Updated: Jun 13
Community is love. It is acceptance and care. Community is a feeling that you know you can belong to it and be supported by that unconditionally.
A time that I have continued to reflect is the time I spent in Morocco. In Morocco, I was welcomed with open arms, Moroccan kisses, unconditional love, tea time, and couscous Fridays.
A time where I felt extremely out of my comfort zone was when I had finally landed in Morocco and realized the immediate cultural change. I was eager to experience Morocco, their food, their culture all of it, but what I didn't realize was how difficult and truly uncomfortable you feel in the middle of all of it. I struggled so much with the language. I began to learn more and more and it became less frustrating over time. A drastic change was definitely the contrast in the pace of life.
A terrace where my roommates and I would watch the sunsets
Something that was interesting to adapt to was definitely how Moroccans live at a different pace. I remember when I would go to my internship and they said see you at 9 am and I would arrive at a little before and no one was at the center to let me in. I was shocked, like where is everyone how rude they didn't show... but I quickly learned the Moroccan time.
If you agree upon a time you have a 15 minute window to arrive and that is still on time. Being late in Morocco is hardly a thing and I learned time after time when I would arrive to class before my professors, or was meeting a friend for tea. The funniest story I have about this would be when some of us Americans were meeting up with some of our Moroccan friends. We all had agreed upon a time and us Americans went by Moroccan time, while our Moroccan friends went by American time. When us Americans were late we discovered that our Moroccan friends had been waiting; it was hilarious to realize that both of us were trying to show respect to the other, we had a good laugh though.
I grew to love the slower pace of life and now I reminisce about the sweet sweet tea times, siestas, and couscous Fridays just chatting away. Couscous Friday is an all day event. It is similar to in the West when we have Sundays and eat together after church. In Morocco, they spend the whole day doing this and it is a very rich tradition. Couscous became such a popular tradition that in Morocco often on Fridays it will be hard to find anything but couscous served in the restaurants. I spent my Fridays reflecting upon my week, relaxing, eating couscous, drinking Moroccan mint tea, and not planning to do a whole lot. You had to adapt to this way of life, because the shops wouldn't open until the afternoon, couscous is the dish everyone eats, and who says no to a nap? :)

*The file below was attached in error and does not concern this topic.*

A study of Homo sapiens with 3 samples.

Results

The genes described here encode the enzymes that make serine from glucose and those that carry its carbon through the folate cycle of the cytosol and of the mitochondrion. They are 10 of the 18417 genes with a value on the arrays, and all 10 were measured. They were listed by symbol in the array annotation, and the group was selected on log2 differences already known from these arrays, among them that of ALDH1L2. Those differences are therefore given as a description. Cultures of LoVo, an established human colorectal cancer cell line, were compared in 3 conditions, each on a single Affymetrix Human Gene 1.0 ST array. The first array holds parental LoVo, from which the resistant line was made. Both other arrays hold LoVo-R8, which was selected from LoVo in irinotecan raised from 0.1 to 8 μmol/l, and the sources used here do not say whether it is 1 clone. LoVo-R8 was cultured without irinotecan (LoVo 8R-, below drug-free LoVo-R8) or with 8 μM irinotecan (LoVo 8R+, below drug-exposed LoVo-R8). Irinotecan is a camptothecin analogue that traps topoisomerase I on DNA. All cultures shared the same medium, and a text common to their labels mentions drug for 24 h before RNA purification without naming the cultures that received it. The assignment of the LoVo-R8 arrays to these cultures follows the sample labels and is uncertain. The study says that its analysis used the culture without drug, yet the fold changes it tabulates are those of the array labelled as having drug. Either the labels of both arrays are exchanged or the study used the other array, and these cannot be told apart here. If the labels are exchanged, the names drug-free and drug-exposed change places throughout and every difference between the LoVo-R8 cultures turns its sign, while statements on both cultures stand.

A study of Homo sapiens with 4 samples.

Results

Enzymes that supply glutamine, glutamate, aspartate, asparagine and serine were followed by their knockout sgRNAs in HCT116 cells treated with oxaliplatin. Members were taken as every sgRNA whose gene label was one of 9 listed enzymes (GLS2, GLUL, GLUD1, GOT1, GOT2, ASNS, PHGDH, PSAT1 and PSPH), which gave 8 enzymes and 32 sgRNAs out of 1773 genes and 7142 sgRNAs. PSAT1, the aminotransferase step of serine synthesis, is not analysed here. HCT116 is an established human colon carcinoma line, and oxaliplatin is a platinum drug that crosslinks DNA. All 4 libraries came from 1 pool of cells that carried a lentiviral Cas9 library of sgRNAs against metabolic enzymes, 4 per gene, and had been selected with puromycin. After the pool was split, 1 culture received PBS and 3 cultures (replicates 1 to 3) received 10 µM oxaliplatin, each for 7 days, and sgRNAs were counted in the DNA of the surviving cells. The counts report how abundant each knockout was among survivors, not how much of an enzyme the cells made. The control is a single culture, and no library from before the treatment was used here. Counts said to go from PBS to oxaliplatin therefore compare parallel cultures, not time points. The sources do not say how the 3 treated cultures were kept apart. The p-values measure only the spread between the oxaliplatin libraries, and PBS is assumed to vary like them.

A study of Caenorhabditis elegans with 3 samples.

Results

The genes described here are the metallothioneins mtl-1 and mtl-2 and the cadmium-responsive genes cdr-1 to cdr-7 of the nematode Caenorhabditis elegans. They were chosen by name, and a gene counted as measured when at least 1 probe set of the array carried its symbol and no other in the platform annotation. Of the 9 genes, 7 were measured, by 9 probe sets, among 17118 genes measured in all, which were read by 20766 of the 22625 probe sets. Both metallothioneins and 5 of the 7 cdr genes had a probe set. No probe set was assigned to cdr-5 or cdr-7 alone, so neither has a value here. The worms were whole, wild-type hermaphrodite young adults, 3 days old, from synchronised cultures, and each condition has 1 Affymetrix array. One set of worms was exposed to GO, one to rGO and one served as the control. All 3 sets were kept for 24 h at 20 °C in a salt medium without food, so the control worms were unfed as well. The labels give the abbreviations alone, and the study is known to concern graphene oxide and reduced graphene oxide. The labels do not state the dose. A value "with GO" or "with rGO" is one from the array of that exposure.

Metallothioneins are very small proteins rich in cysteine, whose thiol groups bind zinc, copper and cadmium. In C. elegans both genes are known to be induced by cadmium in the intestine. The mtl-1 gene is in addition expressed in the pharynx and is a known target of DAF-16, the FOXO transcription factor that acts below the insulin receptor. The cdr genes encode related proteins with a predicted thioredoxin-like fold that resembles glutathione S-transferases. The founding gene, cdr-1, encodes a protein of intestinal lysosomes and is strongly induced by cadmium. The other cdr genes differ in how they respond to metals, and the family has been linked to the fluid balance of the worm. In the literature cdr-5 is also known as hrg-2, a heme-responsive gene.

Couscous is ate on Fridays due to the majority Muslim religion. Fridays are the holy days and are spent visiting the mosque and spending the rest of your day with family, friends, and your community. I was welcomed so many times into the homes of my Moroccan brother and sisters, that I felt such a strong sense of community. It was like nothing I had experienced before. I was invited into tea sellers homes for tea time, taxi drivers became my good friends, and the local women at my center became my Moroccan mothers. That is how strong Moroccan community is, they welcome you with hospitality, acceptance, endless tea, and delicious food. Moroccans are great conversationalists, hosts, and linguistic masters.
The pace of life is so drastically different from the West, but I love tea time and think about how essential it is to incorporate a break in your day. Better yet than to accompany it with a sweet glass of mint tea and great conversations. I think we all could learn from this and remember to check in on those we love and slow down every once in awhile.
Writing this I can just taste the sweet, hot, and delicious mint tea while sitting on top of a terrace in the medina, in the Sahara, or in the home of one of my kind friends....
But for now, I will just patiently wait until I can experience tea time on a terrace in the medina until the next time I am in Morocco.